In Tom Hurst’s Sept. 27 column, he made the assertion that “terrorists justified their actions by distorting religious views ” That’s the problem with religious justification: Religious texts are up for interpretation and are therefore a dubious precedent for morality” [“Leave religion out of our morals”].

The truth in this statement is that terrorists do justify their actions by distorting their religious views; however, this is not to be confused with the fallacy that their actions are justified within the framework of their religion. This begets the second fallacy, which claims that religious texts are up for interpretation. While some religious texts may have been created with this allowance, the Bible’s very purpose was to prevent interpretation on moral matters.

Furthermore, unless the laws of a religion explicitly condone such taboo behavior, it cannot be attributed as characteristic of an entire religion. To do so would only perpetuate distortions and would mark the demise or division (essentially synonymous) of that religion in its original form.

The third fallacy is the generalization that religion at large is divisive. Christianity’s whole purpose is to unite everyone through the love of Christ, as asserted in Corinthians 12:12-13. Christ did not come to divide, but he did come to deliver the truth. The easy way out is to claim there is no truth; however, rejecting truth because it is difficult to understand is a narrow-minded cop-out.

The Gospel of John portrays this behavior regarding the disciples’ obstinate reaction to Jesus when he said he is the “bread of life” and that whoever does not eat his flesh and drink his blood will have no life within them: “This saying is hard; who can accept it?” This resulted in “many of his disciples returning to their former way of life.” This can be paralleled to today’s thousands of denominations which have appeared in the past 2,000 years.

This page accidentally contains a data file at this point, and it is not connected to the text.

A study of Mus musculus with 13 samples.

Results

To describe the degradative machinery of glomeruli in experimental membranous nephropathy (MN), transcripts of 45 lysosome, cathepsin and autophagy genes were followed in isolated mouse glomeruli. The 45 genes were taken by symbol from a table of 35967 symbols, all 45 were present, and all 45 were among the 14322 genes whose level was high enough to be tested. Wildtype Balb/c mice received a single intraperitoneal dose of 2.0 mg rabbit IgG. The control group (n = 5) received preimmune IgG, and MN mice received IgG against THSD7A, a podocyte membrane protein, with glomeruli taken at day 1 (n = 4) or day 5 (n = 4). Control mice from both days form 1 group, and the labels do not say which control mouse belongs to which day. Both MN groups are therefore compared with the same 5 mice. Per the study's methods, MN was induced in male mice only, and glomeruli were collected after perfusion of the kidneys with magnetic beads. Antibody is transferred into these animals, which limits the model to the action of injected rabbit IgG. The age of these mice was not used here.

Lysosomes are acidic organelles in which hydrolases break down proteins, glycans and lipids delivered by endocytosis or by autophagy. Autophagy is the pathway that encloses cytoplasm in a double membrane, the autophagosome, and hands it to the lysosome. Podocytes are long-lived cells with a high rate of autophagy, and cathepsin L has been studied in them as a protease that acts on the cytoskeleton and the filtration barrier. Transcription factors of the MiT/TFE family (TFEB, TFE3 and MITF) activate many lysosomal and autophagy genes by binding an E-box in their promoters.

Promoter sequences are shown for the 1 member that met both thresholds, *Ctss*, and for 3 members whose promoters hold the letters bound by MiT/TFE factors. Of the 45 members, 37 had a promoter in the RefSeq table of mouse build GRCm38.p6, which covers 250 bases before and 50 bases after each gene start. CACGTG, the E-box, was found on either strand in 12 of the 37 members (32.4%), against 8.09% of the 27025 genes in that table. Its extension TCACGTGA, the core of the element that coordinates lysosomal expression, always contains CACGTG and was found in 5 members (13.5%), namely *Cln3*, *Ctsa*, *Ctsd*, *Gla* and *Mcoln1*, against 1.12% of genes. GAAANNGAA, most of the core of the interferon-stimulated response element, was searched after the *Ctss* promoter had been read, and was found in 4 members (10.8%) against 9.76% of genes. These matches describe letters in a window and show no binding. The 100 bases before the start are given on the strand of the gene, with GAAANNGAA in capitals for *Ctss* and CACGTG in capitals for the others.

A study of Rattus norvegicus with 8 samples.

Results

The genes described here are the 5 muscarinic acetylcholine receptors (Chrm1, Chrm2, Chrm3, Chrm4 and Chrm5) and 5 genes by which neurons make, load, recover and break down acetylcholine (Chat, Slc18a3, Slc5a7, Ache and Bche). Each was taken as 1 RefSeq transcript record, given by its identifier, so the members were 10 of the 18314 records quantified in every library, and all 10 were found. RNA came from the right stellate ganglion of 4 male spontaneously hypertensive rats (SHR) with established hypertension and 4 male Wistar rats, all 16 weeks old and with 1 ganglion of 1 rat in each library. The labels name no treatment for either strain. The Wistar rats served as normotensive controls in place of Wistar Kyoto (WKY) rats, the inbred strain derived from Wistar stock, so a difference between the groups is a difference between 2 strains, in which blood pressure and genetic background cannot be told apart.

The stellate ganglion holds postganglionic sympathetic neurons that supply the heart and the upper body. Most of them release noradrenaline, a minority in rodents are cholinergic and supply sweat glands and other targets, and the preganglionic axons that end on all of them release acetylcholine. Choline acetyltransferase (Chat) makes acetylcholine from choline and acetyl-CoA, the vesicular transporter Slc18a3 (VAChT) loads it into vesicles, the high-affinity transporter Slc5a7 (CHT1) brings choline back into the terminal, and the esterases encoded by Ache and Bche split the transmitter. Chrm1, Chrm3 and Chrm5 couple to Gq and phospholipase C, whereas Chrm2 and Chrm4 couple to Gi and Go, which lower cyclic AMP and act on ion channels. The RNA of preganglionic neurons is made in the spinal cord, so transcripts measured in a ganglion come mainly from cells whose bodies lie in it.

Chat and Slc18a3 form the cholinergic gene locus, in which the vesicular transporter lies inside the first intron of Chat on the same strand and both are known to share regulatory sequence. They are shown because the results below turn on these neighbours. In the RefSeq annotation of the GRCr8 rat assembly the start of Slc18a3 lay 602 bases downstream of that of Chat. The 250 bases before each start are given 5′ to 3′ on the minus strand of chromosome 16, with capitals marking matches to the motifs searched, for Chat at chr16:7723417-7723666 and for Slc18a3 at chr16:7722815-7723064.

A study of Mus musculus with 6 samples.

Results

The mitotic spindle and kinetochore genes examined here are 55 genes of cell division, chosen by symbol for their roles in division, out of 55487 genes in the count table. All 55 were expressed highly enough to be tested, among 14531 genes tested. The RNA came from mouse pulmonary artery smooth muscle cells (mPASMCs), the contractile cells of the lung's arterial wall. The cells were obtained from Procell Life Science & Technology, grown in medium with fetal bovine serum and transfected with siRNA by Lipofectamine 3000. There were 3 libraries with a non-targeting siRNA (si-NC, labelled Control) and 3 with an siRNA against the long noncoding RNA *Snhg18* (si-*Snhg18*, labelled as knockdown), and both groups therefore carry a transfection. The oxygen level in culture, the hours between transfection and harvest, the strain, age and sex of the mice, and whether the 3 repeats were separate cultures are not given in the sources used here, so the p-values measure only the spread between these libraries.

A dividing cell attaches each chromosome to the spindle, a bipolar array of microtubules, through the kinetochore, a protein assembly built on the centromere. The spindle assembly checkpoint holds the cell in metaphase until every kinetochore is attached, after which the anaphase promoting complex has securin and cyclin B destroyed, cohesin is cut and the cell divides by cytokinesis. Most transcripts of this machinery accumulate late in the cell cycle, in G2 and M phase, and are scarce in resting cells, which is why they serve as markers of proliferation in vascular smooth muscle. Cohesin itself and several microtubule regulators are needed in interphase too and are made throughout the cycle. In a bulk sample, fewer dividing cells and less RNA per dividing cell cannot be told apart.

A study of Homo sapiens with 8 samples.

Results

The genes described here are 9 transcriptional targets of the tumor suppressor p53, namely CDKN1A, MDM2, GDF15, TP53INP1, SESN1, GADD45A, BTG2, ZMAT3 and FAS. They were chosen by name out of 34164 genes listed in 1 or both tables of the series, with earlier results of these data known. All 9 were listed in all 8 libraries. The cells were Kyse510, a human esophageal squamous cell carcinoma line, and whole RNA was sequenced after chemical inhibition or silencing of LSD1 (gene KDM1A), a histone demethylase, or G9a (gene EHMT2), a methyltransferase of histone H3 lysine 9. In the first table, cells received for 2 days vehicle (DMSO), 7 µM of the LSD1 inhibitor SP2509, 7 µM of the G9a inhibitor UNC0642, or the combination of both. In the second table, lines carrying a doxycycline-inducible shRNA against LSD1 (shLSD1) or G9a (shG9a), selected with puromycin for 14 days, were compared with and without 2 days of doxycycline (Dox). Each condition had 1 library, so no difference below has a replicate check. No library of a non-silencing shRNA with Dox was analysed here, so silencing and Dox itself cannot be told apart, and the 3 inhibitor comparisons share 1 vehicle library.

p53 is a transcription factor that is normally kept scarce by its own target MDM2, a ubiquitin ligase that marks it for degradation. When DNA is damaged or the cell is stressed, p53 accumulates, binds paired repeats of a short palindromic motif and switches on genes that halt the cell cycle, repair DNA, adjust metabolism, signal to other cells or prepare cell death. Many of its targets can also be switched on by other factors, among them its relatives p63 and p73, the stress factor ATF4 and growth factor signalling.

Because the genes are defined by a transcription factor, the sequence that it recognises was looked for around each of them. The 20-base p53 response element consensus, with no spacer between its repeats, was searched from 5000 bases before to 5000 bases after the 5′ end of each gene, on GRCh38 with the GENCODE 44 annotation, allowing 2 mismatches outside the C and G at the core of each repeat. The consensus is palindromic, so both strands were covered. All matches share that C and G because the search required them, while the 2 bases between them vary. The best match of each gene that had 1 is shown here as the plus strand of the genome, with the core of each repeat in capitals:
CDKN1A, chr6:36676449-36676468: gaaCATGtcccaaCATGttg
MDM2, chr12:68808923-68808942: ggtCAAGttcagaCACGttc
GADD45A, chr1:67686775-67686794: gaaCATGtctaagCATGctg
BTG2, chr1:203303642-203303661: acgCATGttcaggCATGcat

That being said, I would encourage Hurst, Aaron Urbanski and all those questioning moral truths to do some research. What is the history and motivation behind the development of a religion? Was it the concoction of a human ideal or personal pacification? Was it in response to a social or political injustice? Established by God? When a spirit of humility and openness is coupled with the consideration of Christianity’s historical context, it is impossible to establish the reliability of moral relativism. Only truth will reveal which religion and, thus, which morals have developed from an omniscient God versus from humanity.

Hurst’s column alludes to one more underlying truth: “As long as there are problems in this world, debating the existence and will of a supreme being is trivial.” Indeed, we should be immersing ourselves in prayer for our nation’s times, not dismantling the gift of faith (no matter how small) we have been graciously given by resurrecting the question of God’s existence for the sake of intellectual debate.

As far as Hurst’s reference to Mother Teresa, it is important to note that 1) Time magazine does not constitute an experienced medium of information (its mission is not to communicate theological truths) and 2) the “feeling” of God that Mother Teresa was without for the majority of her life is a grace (i.e. the freely given, unmerited favor and love of God) that some may receive, but it is an addition to the love that is an act of the will, that love which is most important and imperative to loving him fully.

What is truly amazing is that while Mother Teresa was not given the consolation of “feelings,” never was her spiritual struggle enough to dismantle what rendered her most profound and admirable loyalty to Christ. To take Mother Teresa’s life of virtue and divorce it from belief in the very source she clung to most throughout her mortification is a weak and ludicrous assertion.

Finally, Hurst’s suggestion that we should “support our morality with secular grounds so we can be united in solving the world’s problems” is self-defeating. Hurst gave the example of the commandment “Thou shalt not kill,” and explained that because it is merely a subjective statement taken from the Bible, it does not constitute a good reason for the taking of another’s life to be rendered immoral. Interestingly, Hurst claims that by attributing secular reasons to the lawful prohibition of killing, it can be rightfully rendered immoral.

However, to rely on a secular source constantly under amendment for morality does not reduce, but rather perpetuates, the problem of moral relativism, and calls to mind a greater need for a pillar of truth. That’s the beauty of the church: It offers to all a path by which we might be saved of our own sinful nature, a nature we can only be made conscious of by the grace of Christ Jesus.

Angela Wasserman is a junior studying psychology.

Editor’s note: The BG News appreciates all guest column and letter to the editor submissions. However, in the interest of bringing new discussions to Forum, this column is the last that will print about the ongoing religion/science debate for the time being. Please e-mail your questions or concerns to [email protected].